Most land for distribution in southern Punjab
* Poor land records, reluctance of revenue officials make fair distribution difficult
By Khawaja Naseer
LAHORE: The Punjab government has approved the distribution of 112,324 acres of government land to farmers in packages of 12.5 acres each. Of the 18 districts the land is available in, most are in the southern part of the province, a government official told Daily Times on Monday.
The official said Punjab Chief Minister Pervaiz Elahi was likely to launch the scheme by the end of this month, with the first phase in Sargodha district, he said, adding that it could be of real benefit to the rural poor “if implemented properly”.
He said the verification of land records was necessary for proper distribution, but in the Punjab, land data was incomplete and the computerisation of land records was moving slowly. The source said patwaris (revenue officials), fearful of losing their jobs, were unwilling to provide proper records, which has made the task more difficult.
Much also depends on the district scrutiny committees, which are to ensure distribution to deserving people and implement checks to prevent the abuse of the scheme, said the official.
The source said 13,992 acres would be distributed in Bahawalpur district, 3,214 in Bahawalnagar; 16,432 in Rahim Yar Khan, 2,463 in Khaniwal, 19,807 in Dera Ghazi Khan, 10,004 in Rajanpur, 13,775 in Layyah, 185 in Sargodha, 2,236 in Mianwali, 2,259 in Khushab, 101 in Vehari, 9,678 in Jhang, 2,874 in Faislabad, 12,448 in Muzaffargarh, 1,060 in Sheikhupura, 101 in Multan, 500 in Pakpattan and 658 acres in Okara district.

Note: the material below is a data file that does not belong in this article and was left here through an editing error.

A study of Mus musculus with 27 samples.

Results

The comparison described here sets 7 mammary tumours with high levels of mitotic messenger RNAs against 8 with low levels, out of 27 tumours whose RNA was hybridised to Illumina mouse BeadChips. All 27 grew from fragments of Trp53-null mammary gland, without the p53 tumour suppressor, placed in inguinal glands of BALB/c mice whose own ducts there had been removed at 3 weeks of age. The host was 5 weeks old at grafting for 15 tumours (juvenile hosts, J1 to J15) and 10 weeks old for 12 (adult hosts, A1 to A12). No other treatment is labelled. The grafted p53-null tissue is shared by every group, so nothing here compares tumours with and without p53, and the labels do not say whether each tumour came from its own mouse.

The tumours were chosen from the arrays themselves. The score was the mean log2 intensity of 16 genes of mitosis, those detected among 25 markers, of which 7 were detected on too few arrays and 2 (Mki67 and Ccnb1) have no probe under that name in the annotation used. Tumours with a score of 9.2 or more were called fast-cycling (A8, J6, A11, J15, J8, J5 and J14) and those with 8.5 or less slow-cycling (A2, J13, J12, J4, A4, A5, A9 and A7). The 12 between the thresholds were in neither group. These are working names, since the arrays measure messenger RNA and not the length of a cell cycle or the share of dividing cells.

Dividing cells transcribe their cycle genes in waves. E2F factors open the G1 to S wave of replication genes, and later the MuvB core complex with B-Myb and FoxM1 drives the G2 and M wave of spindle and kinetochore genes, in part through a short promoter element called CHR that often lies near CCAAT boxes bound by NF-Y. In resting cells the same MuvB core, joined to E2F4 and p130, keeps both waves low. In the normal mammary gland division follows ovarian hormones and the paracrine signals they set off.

Talking to Daily Times, Punjab Colonies Minister Manazar Ali Ranjha said the government was hopeful the scheme would help develop backward areas. He said the land would be allotted to the local landless farmers and the priority would be given to those who were settled in the area before 1998.
Mr Ranjha said scrutiny committees had been set up in tehsils under the supervision of revenue officers and notable citizens, while Zakat committee chairmen and headmasters were members of the committees, which would recommend allotments.
In districts, the district coordination officer would head the committee. Applications from landless farmers in the 18 districts were opened on January 2004. If the number of valid applicants is more than available land, the minister said land would be allotted through ballots.
A Punjab Board of Revenue official said unjust land distribution had aggravated rural poverty and reduced agricultural growth and similar initiatives in the past had failed to make a significant impact.
The official said most of the government land was in southern Punjab, while there was little available in the central and northern parts of the province.
Under the scheme, land will be allotted to residents of the area where land is available. Sources said if there were a lack of applicants in certain areas, the government would allot that land to a poor person from the nearest area.
While this could benefit some poor tenants, deprived farmers from areas other than southern Punjab would still be at a disadvantage, said the Board of Revenue official, adding that the availability of land and transparency in distribution were pivotal in implementing the programme.